By Courtney Spamer – AccuWeather
Nuri strengthened to a super typhoon Sunday morning, EDT, over the warm waters of the West Pacific and although it has since weakened to typhoon status the cyclone remains a threat to Japan.
A front moving through the East China Sea and across Japan over the weekend picked up the storm as it churned over the open waters of the Western Pacific. This interaction brought a drastic change in Nuri’s path.
After heading mostly westward over the past week, Nuri turned northward through the Philippine Sea remaining to the east and northeast of the Philippines over the weekend.
The weather will be nothing out of the ordinary across the Philippines early this week as Nuri continues to track northward, away from the country that is battered by numerous tropical cyclones each year.
Typhoon Nuri churning in the Western Pacific during its northerly track (NOAA)
Nuri developed on Halloween and quickly strengthened on Saturday into a typhoon. Favorable environmental conditions will keep Nuri a powerful typhoon through the middle of the week as it approaches Japan.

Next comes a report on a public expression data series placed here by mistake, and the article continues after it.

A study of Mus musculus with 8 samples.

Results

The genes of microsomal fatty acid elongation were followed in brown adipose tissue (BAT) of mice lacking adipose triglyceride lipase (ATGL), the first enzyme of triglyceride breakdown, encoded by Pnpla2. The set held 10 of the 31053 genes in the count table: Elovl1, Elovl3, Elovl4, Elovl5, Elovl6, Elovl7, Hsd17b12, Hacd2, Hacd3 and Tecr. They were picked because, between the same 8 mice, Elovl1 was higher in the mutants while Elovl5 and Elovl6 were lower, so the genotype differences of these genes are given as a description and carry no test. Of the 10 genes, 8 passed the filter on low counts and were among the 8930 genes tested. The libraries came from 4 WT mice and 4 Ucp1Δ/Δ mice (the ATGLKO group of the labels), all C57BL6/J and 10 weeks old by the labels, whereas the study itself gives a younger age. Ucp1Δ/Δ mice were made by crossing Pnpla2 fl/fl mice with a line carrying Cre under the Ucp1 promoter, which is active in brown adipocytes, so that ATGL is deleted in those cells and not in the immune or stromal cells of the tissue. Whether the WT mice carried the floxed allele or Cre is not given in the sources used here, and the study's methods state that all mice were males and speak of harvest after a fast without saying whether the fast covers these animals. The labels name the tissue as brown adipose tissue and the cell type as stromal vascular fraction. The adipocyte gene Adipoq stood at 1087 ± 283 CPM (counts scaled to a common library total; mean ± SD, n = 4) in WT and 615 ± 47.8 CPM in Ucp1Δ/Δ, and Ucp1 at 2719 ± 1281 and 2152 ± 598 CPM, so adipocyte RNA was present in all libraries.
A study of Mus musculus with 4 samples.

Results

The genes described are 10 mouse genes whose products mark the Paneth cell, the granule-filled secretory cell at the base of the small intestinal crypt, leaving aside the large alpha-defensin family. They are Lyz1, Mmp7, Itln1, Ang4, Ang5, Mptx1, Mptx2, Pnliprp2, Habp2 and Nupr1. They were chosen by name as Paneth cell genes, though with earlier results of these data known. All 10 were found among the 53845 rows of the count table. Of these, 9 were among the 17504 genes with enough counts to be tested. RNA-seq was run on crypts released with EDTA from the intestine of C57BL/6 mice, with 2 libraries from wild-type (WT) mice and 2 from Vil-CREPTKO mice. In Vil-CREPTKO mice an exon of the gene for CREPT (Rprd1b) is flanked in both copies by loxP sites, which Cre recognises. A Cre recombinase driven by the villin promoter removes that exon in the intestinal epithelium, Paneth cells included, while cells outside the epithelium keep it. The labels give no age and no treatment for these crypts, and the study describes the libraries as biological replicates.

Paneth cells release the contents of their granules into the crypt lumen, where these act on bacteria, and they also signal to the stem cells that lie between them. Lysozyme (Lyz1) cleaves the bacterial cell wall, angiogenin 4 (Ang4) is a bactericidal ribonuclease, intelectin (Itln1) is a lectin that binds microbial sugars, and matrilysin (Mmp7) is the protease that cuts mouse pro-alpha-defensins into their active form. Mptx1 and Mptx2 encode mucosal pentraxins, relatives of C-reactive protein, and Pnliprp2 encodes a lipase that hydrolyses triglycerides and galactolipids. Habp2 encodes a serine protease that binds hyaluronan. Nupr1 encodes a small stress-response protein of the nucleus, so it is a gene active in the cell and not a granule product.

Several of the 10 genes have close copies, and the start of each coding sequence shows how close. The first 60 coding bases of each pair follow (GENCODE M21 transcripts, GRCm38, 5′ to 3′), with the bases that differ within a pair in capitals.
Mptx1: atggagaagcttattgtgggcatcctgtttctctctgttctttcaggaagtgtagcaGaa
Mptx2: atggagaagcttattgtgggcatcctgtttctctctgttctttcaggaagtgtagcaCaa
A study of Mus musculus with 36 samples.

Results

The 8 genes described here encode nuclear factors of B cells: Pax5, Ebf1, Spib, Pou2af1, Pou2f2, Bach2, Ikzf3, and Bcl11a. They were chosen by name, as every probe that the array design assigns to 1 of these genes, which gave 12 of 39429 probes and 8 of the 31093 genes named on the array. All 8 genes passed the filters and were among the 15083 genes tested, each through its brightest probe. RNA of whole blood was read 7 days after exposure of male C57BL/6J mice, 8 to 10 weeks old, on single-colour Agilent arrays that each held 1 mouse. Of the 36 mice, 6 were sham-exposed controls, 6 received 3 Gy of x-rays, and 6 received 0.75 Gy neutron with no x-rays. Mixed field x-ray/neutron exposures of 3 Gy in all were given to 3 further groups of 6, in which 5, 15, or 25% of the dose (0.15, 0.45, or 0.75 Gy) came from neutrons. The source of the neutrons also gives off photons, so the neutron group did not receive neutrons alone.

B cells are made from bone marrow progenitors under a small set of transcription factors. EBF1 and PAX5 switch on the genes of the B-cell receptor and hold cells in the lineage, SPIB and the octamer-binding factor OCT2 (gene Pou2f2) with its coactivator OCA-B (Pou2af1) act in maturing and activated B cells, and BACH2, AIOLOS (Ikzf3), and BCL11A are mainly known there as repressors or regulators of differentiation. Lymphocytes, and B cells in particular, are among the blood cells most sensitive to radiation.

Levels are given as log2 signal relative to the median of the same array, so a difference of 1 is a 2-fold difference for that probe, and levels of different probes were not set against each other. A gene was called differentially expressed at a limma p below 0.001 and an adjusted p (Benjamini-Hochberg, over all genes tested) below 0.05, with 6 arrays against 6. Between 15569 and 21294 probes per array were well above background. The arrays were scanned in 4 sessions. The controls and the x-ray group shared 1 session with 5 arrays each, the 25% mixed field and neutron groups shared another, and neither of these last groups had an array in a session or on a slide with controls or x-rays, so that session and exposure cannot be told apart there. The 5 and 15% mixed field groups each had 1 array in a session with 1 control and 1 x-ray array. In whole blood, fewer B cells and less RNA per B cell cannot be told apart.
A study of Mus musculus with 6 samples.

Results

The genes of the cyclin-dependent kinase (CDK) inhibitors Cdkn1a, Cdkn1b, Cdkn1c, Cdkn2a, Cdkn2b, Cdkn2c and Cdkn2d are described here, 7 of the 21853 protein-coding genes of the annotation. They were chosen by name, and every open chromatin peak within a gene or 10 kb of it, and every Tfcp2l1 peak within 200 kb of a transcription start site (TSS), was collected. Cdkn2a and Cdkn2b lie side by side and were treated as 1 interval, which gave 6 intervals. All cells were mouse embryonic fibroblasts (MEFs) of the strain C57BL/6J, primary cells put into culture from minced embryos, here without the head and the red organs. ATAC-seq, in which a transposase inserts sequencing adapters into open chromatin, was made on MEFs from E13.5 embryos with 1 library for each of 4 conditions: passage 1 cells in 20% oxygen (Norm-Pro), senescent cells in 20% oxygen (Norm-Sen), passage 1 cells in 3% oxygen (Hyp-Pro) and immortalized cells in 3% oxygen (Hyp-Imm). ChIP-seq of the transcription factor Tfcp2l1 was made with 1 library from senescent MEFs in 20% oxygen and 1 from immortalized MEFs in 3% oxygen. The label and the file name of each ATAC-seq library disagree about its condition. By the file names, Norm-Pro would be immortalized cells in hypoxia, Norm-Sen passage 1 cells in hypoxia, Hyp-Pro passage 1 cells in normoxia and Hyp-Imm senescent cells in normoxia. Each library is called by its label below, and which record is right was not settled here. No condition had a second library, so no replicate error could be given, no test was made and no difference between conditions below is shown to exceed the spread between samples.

High pressure will briefly build north and east of Japan through Wednesday keeping Nuri on a general northward track.
The high will shift farther east on Thursday and Friday causing Nuri to turn more to the northeast, passing just east of Japan.
Even though the center of the storm will pass east of Japan, the core of heavy rain will pass very close to the eastern coast of Honshu.
If the band of heavy rain passes over eastern Honshu, the region including Tokyo could experience torrential rainfall capable of producing flash flooding and increasing the threat for mudslides in the region.
The strongest winds associated with Nuri will remain offshore, but the threat for locally damaging wind gusts is a possibility right near the east coast of Honshu as Nuri makes its closest approach on Thursday.
Meteorologists Eric Leister and Erik Pindrock contributed to this story.